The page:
Western Digital (NASDAQ:WDC) and Intel (NASDAQ:INTC) are both mature tech companies that lead their respective industries. WD is the world's top maker of HDDs (hard disk drives), and Intel is the top manufacturer of CPUs for PCs and data centers.
Yet both market leaders have fallen out of favor. WD's stock tumbled 40% over the past six months, while Intel's stock slumped 15%. Why did investors dump both stocks, and is either tech giant a worthy buy at these prices?
What do Western Digital and Intel do?
WD controls 40% of the global HDD market according to Coughlin Associates. Its closest rival, Seagate, holds a 37% share. However, the market for traditional platter-based HDDs is being disrupted by the rise of flash memory-based SSDs (solid-state drives), which are smaller, faster, more power-efficient, and less prone to damage than HDDs.
To counter that disruption, WD acquired SanDisk, one of the world's top manufacturers of flash memory chips and SSDs, in 2016. That takeover initially generated a tailwind for WD as NAND (flash memory) prices rose worldwide throughout 2016 and 2017. However, NAND prices peaked and started sliding earlier this year, and the tailwind became a headwind.
Intel controls roughly three-quarters of the market for PC CPUs, and about 99% of the market for data center CPUs. The company's only meaningful competitor in both markets is AMD (NASDAQ:AMD), the only other major manufacturer of x86 chips. Intel generates most of its revenue from PC and data center chips, but it also generates revenue from three higher-growth markets: Internet of Things (IoT) chips, programmable chips, and memory chips.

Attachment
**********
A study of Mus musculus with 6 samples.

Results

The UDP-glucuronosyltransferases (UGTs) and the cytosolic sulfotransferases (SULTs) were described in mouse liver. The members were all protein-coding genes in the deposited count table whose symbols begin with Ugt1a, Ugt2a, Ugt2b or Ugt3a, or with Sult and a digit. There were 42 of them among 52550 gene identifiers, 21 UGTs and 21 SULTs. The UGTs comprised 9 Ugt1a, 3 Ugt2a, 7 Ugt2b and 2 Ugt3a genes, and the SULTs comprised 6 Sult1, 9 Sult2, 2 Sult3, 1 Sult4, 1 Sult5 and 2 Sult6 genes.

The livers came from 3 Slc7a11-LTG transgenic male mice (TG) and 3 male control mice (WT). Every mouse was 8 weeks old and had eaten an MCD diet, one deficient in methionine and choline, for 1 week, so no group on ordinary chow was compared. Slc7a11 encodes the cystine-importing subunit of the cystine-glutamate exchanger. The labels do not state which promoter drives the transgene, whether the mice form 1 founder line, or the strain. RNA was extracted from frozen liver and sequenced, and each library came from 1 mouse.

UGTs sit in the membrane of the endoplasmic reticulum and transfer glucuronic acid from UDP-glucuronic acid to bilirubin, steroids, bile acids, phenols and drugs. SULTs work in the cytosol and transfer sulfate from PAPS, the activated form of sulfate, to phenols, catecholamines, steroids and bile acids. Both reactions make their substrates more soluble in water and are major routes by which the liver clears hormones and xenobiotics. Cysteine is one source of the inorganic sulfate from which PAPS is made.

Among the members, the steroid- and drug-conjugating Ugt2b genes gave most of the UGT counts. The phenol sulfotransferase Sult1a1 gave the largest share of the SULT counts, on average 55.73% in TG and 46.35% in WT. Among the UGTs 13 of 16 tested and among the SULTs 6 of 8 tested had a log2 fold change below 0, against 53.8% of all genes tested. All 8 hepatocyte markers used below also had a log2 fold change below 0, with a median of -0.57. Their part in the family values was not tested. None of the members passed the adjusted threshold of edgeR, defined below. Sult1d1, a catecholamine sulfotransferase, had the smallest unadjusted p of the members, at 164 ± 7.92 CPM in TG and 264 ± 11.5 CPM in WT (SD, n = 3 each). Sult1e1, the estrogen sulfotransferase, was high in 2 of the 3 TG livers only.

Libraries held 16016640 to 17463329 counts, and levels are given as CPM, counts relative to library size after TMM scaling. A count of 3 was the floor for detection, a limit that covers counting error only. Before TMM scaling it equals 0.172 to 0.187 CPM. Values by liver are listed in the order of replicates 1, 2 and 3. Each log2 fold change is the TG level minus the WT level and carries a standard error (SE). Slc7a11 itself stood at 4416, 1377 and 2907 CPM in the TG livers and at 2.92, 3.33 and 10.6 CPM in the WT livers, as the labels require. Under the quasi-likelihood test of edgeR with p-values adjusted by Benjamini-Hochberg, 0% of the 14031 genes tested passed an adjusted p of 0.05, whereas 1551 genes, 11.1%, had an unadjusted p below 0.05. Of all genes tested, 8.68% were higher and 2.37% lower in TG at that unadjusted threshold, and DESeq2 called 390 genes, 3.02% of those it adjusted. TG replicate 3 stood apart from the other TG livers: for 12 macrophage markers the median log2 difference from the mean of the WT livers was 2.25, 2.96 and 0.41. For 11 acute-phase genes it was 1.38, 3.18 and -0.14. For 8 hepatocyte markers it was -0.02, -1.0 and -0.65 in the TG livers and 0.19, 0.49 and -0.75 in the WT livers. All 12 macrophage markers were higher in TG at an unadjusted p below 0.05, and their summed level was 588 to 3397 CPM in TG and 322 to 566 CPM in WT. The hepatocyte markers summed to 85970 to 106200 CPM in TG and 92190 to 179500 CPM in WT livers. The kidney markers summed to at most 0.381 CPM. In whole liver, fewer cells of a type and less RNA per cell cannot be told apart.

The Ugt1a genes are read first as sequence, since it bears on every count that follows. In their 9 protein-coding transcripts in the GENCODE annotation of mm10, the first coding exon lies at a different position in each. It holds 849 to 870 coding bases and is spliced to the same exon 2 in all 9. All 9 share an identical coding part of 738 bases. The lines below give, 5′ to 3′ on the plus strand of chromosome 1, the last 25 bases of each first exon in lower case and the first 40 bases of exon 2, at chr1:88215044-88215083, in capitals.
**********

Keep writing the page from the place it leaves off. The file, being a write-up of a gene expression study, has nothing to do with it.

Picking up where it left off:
Intel faces three main headwinds. First, it isn't producing enough chips to meet market demand -- which could force OEMs to buy more AMD chips. Second, that chip shortage is expected to reduce the number of PCs sold over the next few quarters, which will exacerbate the decline in memory chip prices. That drop would impact Intel's own memory chip business, which co-produces chips with memory chipmaker Micron. Lastly, the company still hasn't found a permanent CEO to replace Brian Krzanich, who resigned in June.
Which company is growing faster?
During fiscal 2018, which ended on Jun. 29, Western Digital's revenue and earnings rose 8% and 64%, respectively. That growth can be attributed to strong sales across the PC and data center markets, higher memory chip prices buoying its NAND-related businesses, and better pricing power.
During the fourth quarter, WD's total exabytes shipped rose 31% to 106.5 exabytes, and its average selling price per HDD rose 11% to $70 -- even as its overall market share slightly dipped at the end of the year. Those numbers look solid, but analysts expect the headwinds in the NAND and PC markets -- exacerbated by the unpredictable impacts of tariffs and currency fluctuations -- to cause WD's sales to slip 2% this year as its earnings drop 23%.
During Intel's fiscal 2017 (which end on Dec. 30), the company's revenue rose 6% as its non-GAAP EPS grew 28%. That growth was attributed to stable demand in the PC market, strong sales of data center chips, and the double-digit growth of its three higher-growth businesses.
For the current year, analysts expect Intel's revenue and earnings to rise 11% and 20%, respectively. Those growth rates remain solid, but they're expected to decelerate significantly in fiscal 2019 as the chip shortages, competition from AMD, and pricing pressures across the memory chip market take their toll. However, investors should remember that Intel still has other irons in the fire -- including chips for connected and driverless cars and baseband modems for Apple's new iPhones.
WD's steep sell-off has reduced its forward P/E to 5, and it currently pays a forward dividend yield of 3.7%. Intel trades at less than 11 times forward earnings, and it pays a forward dividend yield of 2.7%.
The verdict: Intel's a safer bet (but I'm not a buyer)
I personally wouldn't buy either WD or Intel at these prices, since both companies face significant challenges in an unforgiving market. But if I had to choose one over the other I'd stick with Intel, since it has stronger growth rates and a better diversified business. Intel should also overcome its chip shortages and leadership issues over the next few quarters.
Leo Sun owns shares of Apple. The Motley Fool owns shares of and recommends Apple. The Motley Fool has the following options: long January 2020 $150 calls on Apple and short January 2020 $155 calls on Apple. The Motley Fool has a disclosure policy.